Tuesday, September 15, 2009

The transcendental meditations of Ronnie James Dio

Some of you might be mystified at the lyrics penned by Ronnie James Dio. After all, a metaphor such as a "rainbow in the dark" might need some clarification. As Dio states:

When there's lightning
You know it always brings me down
'Cause it's free and I see
that its me who's lost and never found

A cry out for magic
I feel it dancing in the light
It was cold, lost my hold
To the shadows of the night

No sign of the morning coming
You've been left on your own
Like a rainbow in the dark,
A rainbow in the dark

Left on your own, like a rainbow in the dark? I've never seen a rainbow in the dark. Is it on its own? Well, let's examine this subject...

It turns out that rainbows do in fact occur in the dark, in a way. Not, of course, total darkness. But at night, a time we refer to as "dark", rainbows do come out from time to time. It is called a "moonbow". Check it out:

Now I know what you are thinking. Holy crap my mind's just been blown. Well, as if you needed more evidence of the erudition of Dio:

"Why should we think that this should last forever? I was just as happy - and I'm sure Wendy was just as happy before - struggling and being happy together." Indeed! Finding happiness in penury as easily as in prosperity reminds me of Aristotle's argument on happiness and God...

"God himself bears witness to this conclusion. His is happy and blessed; but he is so in and by himself, by reason of the nature of his being, and not by virtue of any external good. This will explain why there must always be a difference between being happy and and being fortunate. Accident and chance are causes of the goods external to the soul; but no man can be just and temperate merely from chance or by chance." - Aristotle Politics; VII - 1323.21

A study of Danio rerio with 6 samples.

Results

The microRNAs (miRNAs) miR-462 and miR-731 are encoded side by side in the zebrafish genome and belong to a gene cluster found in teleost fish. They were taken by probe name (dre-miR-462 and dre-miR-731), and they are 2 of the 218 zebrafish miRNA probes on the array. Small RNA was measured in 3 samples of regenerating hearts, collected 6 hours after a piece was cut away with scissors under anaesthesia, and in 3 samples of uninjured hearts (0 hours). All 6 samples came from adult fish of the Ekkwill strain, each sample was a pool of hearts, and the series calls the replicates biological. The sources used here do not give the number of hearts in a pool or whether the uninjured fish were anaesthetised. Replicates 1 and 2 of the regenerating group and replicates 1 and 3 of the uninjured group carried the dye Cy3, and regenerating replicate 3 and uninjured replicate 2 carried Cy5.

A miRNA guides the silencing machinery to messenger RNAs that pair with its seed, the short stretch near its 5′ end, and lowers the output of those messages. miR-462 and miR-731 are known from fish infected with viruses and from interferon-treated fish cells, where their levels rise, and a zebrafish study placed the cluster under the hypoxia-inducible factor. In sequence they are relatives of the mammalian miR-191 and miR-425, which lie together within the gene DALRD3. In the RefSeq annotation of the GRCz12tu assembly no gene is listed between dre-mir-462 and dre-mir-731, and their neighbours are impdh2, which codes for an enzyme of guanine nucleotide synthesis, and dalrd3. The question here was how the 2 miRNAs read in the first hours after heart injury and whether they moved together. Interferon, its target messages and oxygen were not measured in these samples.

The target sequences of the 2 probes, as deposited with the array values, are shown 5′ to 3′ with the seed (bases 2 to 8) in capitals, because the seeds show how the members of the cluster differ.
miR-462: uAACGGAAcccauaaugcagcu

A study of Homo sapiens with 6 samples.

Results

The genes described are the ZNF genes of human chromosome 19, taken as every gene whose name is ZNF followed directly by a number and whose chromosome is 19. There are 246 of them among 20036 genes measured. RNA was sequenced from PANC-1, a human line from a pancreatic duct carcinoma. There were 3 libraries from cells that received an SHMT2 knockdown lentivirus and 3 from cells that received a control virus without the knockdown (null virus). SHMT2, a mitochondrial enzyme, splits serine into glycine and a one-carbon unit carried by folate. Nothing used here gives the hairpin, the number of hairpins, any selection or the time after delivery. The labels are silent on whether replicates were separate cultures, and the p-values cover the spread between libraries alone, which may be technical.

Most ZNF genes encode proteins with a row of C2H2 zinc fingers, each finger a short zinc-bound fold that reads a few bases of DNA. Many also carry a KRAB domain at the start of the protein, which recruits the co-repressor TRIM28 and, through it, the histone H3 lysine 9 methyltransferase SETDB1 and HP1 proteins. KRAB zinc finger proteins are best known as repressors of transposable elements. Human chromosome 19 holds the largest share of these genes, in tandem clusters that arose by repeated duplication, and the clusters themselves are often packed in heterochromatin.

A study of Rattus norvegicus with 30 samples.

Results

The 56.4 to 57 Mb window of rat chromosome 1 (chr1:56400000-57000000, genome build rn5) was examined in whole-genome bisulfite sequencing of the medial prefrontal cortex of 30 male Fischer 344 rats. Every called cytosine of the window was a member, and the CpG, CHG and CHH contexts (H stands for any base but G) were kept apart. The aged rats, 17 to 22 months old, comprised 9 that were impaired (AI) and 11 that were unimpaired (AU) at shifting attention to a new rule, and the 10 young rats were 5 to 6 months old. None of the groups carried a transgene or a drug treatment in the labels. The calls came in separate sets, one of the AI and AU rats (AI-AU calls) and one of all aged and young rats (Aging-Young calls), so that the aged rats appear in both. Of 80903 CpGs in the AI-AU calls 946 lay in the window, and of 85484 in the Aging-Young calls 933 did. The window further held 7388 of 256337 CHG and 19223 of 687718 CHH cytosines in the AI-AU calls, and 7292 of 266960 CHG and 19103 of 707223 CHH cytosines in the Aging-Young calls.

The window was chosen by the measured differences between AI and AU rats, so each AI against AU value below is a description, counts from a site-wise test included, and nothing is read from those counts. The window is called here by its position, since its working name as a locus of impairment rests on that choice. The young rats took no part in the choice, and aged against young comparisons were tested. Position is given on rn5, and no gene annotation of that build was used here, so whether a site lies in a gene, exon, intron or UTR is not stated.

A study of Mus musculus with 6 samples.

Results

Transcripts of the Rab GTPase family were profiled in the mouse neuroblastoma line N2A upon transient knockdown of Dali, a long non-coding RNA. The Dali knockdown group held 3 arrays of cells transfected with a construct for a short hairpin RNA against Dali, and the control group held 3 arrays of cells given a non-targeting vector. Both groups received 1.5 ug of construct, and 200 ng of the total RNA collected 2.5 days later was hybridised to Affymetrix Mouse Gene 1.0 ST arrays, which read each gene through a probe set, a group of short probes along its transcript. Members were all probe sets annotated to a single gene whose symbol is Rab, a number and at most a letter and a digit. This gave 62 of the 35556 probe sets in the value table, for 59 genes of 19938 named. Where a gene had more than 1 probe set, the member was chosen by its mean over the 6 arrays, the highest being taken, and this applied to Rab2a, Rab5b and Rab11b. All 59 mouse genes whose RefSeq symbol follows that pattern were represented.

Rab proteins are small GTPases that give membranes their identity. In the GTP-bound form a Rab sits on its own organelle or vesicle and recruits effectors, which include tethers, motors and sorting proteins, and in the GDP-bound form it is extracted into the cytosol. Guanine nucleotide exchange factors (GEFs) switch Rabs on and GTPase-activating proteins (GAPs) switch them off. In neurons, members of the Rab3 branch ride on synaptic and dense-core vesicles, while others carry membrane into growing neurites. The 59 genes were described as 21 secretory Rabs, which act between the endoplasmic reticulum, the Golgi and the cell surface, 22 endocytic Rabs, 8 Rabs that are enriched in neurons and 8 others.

Maybe tomorrow I will draw the link between Dio and Voltaire. Maybe tomorrow the good Lord will take you away...

1 comment:

  1. What an analysis! You are obviously an intellectual master, a true artisan of the tongue-in-cheek.

    Personally, I've always been impressed with Dio's lyrics, but then what do I know? I'm addicted to the works of Keats and Shelley and that dusty old Shakespeare stuff. Metaphorical references are so anachronistic. Today's songs need to be socially significant to our times. No rainbow references! No absolutes! No metaphors! Our times cry out for songs of such significant social relevance as say, Baby Got Back!